The Music of Healing
Aventura-based businessman Andy Rothman, who boasts a large and impressively diverse CD collection, had an idea. In an effort to alleviate the mind-numbing ennui of hospital stays and promote healing, he thought, why not equip hospitals, especially children's hospitals, with a CD library? After all, music heals the soul, and musical therapy has gained a good amount of credibility in recent years. Miami Children's Hospital accepted Rothman's donation of hundreds of CDs and a handful of portable CD players, and the Share the Music charity organization was born.
The charity has proven popular, but now that Rothman and his cohorts have donated about all the CDs they can, they need some cash to buy more, along with portable CD players (and possibly musical instruments, for extended hospital stays). And for this particular foundation, what better way to raise money than to hold a benefit concert?
The Share the Music Benefit at the Culture Room this Thursday features a bill of talented local bands whose varied fan base should make for a good crowd. The Danny Burger Quartet features, naturally, drummer Danny Burger, whose undeniable talent has allowed him to forge a career contributing to a variety of jazz artists, primarily in the hard-bop scene. He's played with Turk Mauro, Jesse Jones, Jr., and Eddie Higgins; Burger was part of Higgins's trio (along with bassist Phil Flannigan) for 1994's Zoot's Hymns, arguably the finest album released by one of the leading pianists of hard bop.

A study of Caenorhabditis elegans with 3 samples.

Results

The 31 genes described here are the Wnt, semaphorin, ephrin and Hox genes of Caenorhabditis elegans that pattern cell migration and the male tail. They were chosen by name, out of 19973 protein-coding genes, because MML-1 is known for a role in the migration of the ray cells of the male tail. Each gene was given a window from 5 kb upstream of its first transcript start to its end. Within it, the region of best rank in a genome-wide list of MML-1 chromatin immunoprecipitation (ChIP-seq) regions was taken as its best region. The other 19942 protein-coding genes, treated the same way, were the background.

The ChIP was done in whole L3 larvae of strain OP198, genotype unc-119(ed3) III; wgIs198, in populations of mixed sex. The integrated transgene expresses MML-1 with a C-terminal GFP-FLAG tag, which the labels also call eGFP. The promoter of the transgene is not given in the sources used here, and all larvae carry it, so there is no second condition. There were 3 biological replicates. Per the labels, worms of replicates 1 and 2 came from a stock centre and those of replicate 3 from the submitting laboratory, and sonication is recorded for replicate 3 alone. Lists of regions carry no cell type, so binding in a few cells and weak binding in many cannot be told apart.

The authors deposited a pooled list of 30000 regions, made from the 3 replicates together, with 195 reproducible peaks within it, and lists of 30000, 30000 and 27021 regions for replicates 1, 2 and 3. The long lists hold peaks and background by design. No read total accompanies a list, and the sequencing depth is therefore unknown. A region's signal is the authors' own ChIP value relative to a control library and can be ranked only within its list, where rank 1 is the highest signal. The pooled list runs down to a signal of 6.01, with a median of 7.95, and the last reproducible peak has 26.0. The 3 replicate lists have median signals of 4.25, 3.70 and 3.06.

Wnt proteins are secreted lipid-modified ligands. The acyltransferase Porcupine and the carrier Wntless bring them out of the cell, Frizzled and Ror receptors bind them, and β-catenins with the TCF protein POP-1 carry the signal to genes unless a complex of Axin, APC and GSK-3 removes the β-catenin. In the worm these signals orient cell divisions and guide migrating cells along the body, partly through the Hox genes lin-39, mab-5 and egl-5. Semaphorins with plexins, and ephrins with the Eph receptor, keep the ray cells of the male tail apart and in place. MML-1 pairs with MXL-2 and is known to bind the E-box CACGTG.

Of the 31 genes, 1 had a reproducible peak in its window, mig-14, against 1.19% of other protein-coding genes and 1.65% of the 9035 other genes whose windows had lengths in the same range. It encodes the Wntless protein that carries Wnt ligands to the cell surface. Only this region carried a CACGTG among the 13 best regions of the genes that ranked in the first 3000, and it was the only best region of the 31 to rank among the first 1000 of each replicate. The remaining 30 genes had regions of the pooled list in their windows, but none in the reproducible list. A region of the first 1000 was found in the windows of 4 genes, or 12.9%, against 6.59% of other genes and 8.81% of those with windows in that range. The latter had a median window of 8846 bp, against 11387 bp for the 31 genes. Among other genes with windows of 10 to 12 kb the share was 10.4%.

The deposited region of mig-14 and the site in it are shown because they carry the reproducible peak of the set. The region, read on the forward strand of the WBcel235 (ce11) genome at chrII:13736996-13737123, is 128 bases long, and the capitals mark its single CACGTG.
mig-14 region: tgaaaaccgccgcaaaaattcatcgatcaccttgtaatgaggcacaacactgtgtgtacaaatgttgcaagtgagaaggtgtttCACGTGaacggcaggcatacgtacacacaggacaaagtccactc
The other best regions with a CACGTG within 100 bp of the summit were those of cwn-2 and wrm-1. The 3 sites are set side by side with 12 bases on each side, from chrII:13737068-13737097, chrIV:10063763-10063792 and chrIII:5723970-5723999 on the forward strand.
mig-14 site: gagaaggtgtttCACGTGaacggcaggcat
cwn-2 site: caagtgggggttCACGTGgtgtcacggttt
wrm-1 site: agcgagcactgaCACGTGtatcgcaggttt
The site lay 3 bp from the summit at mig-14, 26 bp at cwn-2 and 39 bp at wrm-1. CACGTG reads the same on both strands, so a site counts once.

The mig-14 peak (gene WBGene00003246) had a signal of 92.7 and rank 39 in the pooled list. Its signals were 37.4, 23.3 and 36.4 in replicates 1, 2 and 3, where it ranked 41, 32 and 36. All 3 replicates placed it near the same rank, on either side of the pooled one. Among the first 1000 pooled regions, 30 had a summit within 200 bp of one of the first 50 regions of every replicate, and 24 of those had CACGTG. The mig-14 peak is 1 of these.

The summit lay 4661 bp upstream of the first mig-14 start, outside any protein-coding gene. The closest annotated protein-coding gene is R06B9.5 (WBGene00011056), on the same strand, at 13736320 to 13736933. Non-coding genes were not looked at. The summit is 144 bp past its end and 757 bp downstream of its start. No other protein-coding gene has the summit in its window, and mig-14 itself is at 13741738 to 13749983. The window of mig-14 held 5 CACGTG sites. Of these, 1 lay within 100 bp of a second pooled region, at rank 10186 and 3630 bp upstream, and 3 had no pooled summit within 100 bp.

Share the Music Benefit
Culture Room, 3045 N. Federal Hwy., Fort Lauderdale
8 p.m. Thursday, December 13. Admission is free, though donations of cash, CDs, and portable CD players are suggested. Call 954-564-1074.
Two other bands set to perform don't yet have such flowery credentials, but both could go a long way given half a chance. Outdance (see "Chop-Chop!"), a jam band known for vaguely Latin rhythms and bizarre time signatures, and Hashbrown, Fort Lauderdale's beloved funksters, will both do their part to ensure that the audience, and ailing children across South Florida, will share the groove. Starting the night off will be Rhythmflow, billed as "a spontaneous live percussion improvisation."